Summary: Part 2 of this series focuses on how we misinterpret ourselves and misrepresent Christ.
Misinterpretation; Misrepresentation: It’s About The Truth Part 2
Last week I delivered Part one of this message on truth. My Focus last week was to set the stage with an explanation of the five senses and how although we depend heavily on them, they do not always lead us to the truth. In that message I shared with you a specific example of how our senses fail us using the story of Isaac. Within that story I told you that we wear cloaks (and/or masks) to hide who we really are – and I asked you to think about what you would do if you wore a sign that said you were a Christian. Some of you might change some of the places you visit routinely while others of you may change how you talk. Some of you believe that you would not change anything and that is fine also. This morning I want to conclude this series by us taking a serious look at ourselves and the truth that we hide about ourselves. Let’s go into the heart of the message: “Misinterpretation; Misrepresentation: It’s About The Truth”.
I want to begin with Misinterpretation. To misinterpret something means to not translate correctly. Think of someone who is interpreting a language for someone else. Imagine if you will, that I am standing before you delivering this message and we have people in the congregation who only speak Spanish. In order for them to understand the message, I would need someone to interpret the message. What happens if the person doing the translating of what I am saying gets it totally wrong – they misinterpret what I am saying? The message I am delivering would not be the message that they are receiving because the translator was getting it wrong. All of us misinterpret things from time to time. We judge others by what we see; we half listen to those we talk to so we misinterpret what they say; and because of our own issues, we misinterpret the actions and/or concerns of those who love us. But the worse case in my opinion is when we misinterpret ourselves. There are times when we accept the thoughts that others have of us as our own thus forgetting or misinterpreting who we really are. Let me walk you through this.
Let me give you an example of what I mean when I say we misinterpret ourselves when we take on the thoughts that others have of us. Again, remember the definition of misinterpretation is to not translate correctly. Turn with me to 1 Timothy 4:12-16 and 2 Timothy 1:5-7; 2:1, 15.
“Let no one look down on your youthfulness, but rather in speech, conduct, love, faith and purity, show yourself an example of those who believe. Until I come, give attention to the public reading of Scripture, to exhortation and teaching. Do not neglect the spiritual gift within you, which was bestowed on you through prophetic utterance with the laying on of hands by the presbytery. Take pains with these things; be absorbed in them, so that your progress will be evident to all. Pay close attention to yourself and to your teaching; persevere in these things, for as you do this you will ensure salvation both for yourself and for those who heard you.” (1 Timothy 4:12-16)
“For I am mindful of the sincere faith within you, which first dwelt in your grandmother Lois and your mother Eunice, and I am sure that it is in you as well. For this reason I remind you to kindle afresh the gift of God which is in you through the laying on of my hands. For God has not given us a spirit of timidity, but of power and love and discipline…..You therefore, my son, be strong in the grace that is in Christ Jesus….Be diligent to present yourself approved to God as a workman who does not need to be ashamed, accurately handling the word of truth.” (2 Timothy 1:5-7; 2:1, 15)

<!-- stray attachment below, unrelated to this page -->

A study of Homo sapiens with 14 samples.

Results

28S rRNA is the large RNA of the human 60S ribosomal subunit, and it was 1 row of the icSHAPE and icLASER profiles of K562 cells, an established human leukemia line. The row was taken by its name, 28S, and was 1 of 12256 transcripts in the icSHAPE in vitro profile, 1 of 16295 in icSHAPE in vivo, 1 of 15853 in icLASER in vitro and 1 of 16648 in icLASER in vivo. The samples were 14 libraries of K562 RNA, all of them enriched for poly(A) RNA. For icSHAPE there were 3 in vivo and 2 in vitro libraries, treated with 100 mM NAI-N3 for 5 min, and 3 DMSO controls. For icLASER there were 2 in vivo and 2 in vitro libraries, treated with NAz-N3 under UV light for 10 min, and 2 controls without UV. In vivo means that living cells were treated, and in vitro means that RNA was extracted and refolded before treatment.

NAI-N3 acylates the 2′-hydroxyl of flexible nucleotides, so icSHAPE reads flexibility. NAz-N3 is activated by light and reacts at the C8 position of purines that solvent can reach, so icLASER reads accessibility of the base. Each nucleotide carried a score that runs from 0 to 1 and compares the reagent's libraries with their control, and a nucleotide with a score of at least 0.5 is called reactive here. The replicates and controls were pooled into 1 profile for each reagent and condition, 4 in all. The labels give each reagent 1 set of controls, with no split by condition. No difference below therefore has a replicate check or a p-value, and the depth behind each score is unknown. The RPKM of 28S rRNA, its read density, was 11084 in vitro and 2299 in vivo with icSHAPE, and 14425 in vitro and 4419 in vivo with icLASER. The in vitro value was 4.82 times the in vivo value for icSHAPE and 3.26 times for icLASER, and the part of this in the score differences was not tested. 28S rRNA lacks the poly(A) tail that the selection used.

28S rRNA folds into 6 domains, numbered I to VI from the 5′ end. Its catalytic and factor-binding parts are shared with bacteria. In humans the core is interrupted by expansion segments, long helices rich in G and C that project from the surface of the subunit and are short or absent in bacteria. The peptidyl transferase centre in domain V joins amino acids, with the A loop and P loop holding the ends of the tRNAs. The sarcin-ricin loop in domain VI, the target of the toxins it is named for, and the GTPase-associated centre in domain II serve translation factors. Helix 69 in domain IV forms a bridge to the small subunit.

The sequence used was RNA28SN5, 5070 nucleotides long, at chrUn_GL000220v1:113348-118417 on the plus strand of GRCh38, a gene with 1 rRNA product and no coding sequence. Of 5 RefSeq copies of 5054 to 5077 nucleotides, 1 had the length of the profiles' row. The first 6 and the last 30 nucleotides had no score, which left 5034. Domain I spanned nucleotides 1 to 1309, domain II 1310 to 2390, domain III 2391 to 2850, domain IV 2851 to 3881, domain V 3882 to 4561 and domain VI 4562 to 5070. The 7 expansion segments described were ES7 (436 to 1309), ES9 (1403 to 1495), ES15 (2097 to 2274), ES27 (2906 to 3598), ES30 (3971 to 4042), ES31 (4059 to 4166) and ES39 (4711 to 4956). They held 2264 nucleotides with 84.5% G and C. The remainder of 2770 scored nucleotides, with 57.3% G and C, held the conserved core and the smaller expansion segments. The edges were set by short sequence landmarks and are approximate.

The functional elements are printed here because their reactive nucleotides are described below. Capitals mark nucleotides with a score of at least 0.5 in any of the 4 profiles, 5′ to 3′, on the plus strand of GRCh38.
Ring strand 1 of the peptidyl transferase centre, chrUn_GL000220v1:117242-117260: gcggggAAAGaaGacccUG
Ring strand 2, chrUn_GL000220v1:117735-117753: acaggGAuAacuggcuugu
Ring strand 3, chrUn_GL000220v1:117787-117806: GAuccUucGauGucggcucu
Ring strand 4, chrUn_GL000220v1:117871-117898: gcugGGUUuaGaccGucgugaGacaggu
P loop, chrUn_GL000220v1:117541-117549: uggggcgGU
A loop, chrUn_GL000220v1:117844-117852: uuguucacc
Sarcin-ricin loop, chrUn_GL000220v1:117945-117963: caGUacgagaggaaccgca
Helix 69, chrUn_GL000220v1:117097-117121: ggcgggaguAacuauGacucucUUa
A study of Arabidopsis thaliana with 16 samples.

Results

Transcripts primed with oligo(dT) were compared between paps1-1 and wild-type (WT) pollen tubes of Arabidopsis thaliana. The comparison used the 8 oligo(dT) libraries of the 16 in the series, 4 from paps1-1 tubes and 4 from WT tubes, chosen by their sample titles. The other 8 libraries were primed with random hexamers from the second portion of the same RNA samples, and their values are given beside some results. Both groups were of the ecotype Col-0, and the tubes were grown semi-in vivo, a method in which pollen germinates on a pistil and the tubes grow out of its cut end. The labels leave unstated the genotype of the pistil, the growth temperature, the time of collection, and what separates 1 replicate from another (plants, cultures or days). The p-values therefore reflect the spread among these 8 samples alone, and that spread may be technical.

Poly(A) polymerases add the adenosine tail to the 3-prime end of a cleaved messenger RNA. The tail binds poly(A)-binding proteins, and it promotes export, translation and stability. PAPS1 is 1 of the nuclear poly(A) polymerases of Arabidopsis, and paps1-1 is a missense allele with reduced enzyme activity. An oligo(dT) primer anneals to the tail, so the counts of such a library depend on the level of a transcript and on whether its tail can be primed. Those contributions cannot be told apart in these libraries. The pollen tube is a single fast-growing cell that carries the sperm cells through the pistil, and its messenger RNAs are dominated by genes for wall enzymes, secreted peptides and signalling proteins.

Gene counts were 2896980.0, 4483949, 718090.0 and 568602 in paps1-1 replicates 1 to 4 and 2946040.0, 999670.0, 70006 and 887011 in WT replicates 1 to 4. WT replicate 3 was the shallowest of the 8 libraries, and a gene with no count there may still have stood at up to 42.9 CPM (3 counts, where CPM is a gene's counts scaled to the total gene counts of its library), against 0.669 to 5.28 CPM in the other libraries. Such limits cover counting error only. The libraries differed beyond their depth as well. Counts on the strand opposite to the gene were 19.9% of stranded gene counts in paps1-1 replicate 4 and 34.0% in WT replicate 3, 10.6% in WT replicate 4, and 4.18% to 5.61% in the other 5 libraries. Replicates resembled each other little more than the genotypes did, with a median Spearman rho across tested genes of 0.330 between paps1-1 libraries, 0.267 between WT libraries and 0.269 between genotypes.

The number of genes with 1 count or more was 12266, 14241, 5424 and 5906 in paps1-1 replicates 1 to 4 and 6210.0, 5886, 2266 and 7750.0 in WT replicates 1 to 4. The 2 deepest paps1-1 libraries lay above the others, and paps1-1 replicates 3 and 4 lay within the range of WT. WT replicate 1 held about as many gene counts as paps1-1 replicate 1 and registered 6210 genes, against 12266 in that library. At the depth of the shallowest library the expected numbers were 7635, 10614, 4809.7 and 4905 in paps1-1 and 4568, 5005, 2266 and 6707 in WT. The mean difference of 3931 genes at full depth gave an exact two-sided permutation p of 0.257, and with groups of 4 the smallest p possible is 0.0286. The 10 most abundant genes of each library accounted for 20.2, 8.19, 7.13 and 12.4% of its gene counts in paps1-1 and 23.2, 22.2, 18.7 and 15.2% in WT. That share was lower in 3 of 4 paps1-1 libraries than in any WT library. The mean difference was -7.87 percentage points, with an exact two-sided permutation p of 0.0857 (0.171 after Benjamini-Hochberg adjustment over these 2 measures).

Timothy was a young Pastor, probably in his mid 30s, when Paul placed him in charge of the Church of Ephesus. Because of his age, apparently there were some other members of the Church who questioned his authority and or qualifications to be the head of this Church. Some of these older members were so vocal that Timothy began to misinterpret himself and what God had placed within him. Through his misinterpretation of himself, he had begun to neglect the spiritual gifts that were within him. The gifts were still there, but because Timothy began to doubt his abilities based on the complaints of some of the older members, he began to lose his way. In the first Scripture we read from 1st Timothy, Paul encouraged Timothy not to allow anyone to look down on his age, but to show the doubters who he really was by how he talked and how he carried himself as a believer of Jesus Christ. Paul reminded Timothy of what was within him and told him to begin to focus on and be absorbed within them, especially his teachings because of the impact on the people. Paul understood that even though some of the members were complaining about Timothy age and experience, it was his teaching and his understanding of God’s Word that would help those same people come to salvation. In Paul’s second letter to Timothy, he reminded him of the faith that was within him as it was in both his grandmother and his mother. Paul also encouraged him to be strong and to be diligent about studying God’s Word so that he could rightly teach it to others without being ashamed. If you notice, Paul was not addressing the people and their acceptance of Timothy – he was addressing Timothy. At the point where Timothy was, it had ceased to be about the people and had become about how Timothy saw himself. Paul focused on Timothy’s perception of himself and how to change that for he knew if Timothy changed how he saw himself, the people would eventually come around. The same applies to you and I. We do not have to accept others interpretation of who we are unless it is the truth.